Protecting Pennsylvania’s Mother Dogs from Puppy Mill NeglectPosted by Stephen Wells, Animal Legal Defense Fund Executive Director on December 2, 2016
In 2008, as part of the Pennsylvania Dog Law, the Pennsylvania state legislature enacted some of the most comprehensive regulations on commercial dog breeders in the nation. The state had become, in the words of one legislator, “the puppy mill capital of the East,” and sought to strengthen the law primarily to ease the suffering of mother dogs used for breeding. Commercial breeders commonly kept mother dogs in cages with only metal wire strand flooring, and many dogs were literally never let outside for exercise.
Used because it’s cheap and easy to clean, such wire flooring is not only uncomfortable but also harmful to stand on. Paw deformities and other serious injuries often result from such conditions. The amendments to the Pennsylvania Dog Law were intended as a remedy, banning the use of metal wire strand flooring and requiring “unfettered access” to outside exercise for dogs over 12 weeks of age.
But such laws are only meaningful if they’re enforced. Under pressure from puppy mill owners, the Pennsylvania Department of Agriculture soon issued two broad exemptions to the law. One allowed 50 percent of the flooring to be metal wire strand in cages where mothers with nursing puppies were kept, while the other said the Department wouldn’t enforce the law if breeders provided “daily” access to an exercise area for nursing dogs.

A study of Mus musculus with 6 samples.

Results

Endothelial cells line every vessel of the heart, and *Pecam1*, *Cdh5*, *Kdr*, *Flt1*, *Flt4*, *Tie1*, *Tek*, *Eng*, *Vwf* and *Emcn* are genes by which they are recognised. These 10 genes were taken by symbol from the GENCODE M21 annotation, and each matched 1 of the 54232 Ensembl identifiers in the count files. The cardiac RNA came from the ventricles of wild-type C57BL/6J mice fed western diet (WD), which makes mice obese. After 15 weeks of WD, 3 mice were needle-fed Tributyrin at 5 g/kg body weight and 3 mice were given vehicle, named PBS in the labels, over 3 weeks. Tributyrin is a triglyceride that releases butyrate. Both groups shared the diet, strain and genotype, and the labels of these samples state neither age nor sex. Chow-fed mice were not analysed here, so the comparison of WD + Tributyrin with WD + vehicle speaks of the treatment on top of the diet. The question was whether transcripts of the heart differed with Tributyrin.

The Animal Legal Defense Fund went to work for mother dogs and their puppies. With three Pennsylvania residents and supporters, we challenged the regulations through multiple Pennsylvania state agency review processes. Those review boards sided with the Department of Agriculture every time.
Seeing no other option, we sued the Department, asking the court to strike down the unlawful exemptions. On Sept. 9, 2016, a panel of judges ruled in our favor. Finding that the Department’s actions were contrary to the clear purpose and intent of the Dog Law, the court struck down the exemptions.
Now puppy mills in Pennsylvania are required to provide all dogs with safe, comfortable flooring and with free access to fresh air and room to exercise. Consistent with the will of the people and with the intent of the lawmakers who passed the law, Pennsylvania puppy mills will no longer be able to profit while ignoring basic needs of mother dogs. This is a significant step forward in the fight against puppy mills.
Learn more about the Animal Legal Defense Fund’s work to stop puppy mills at aldf.org/puppy.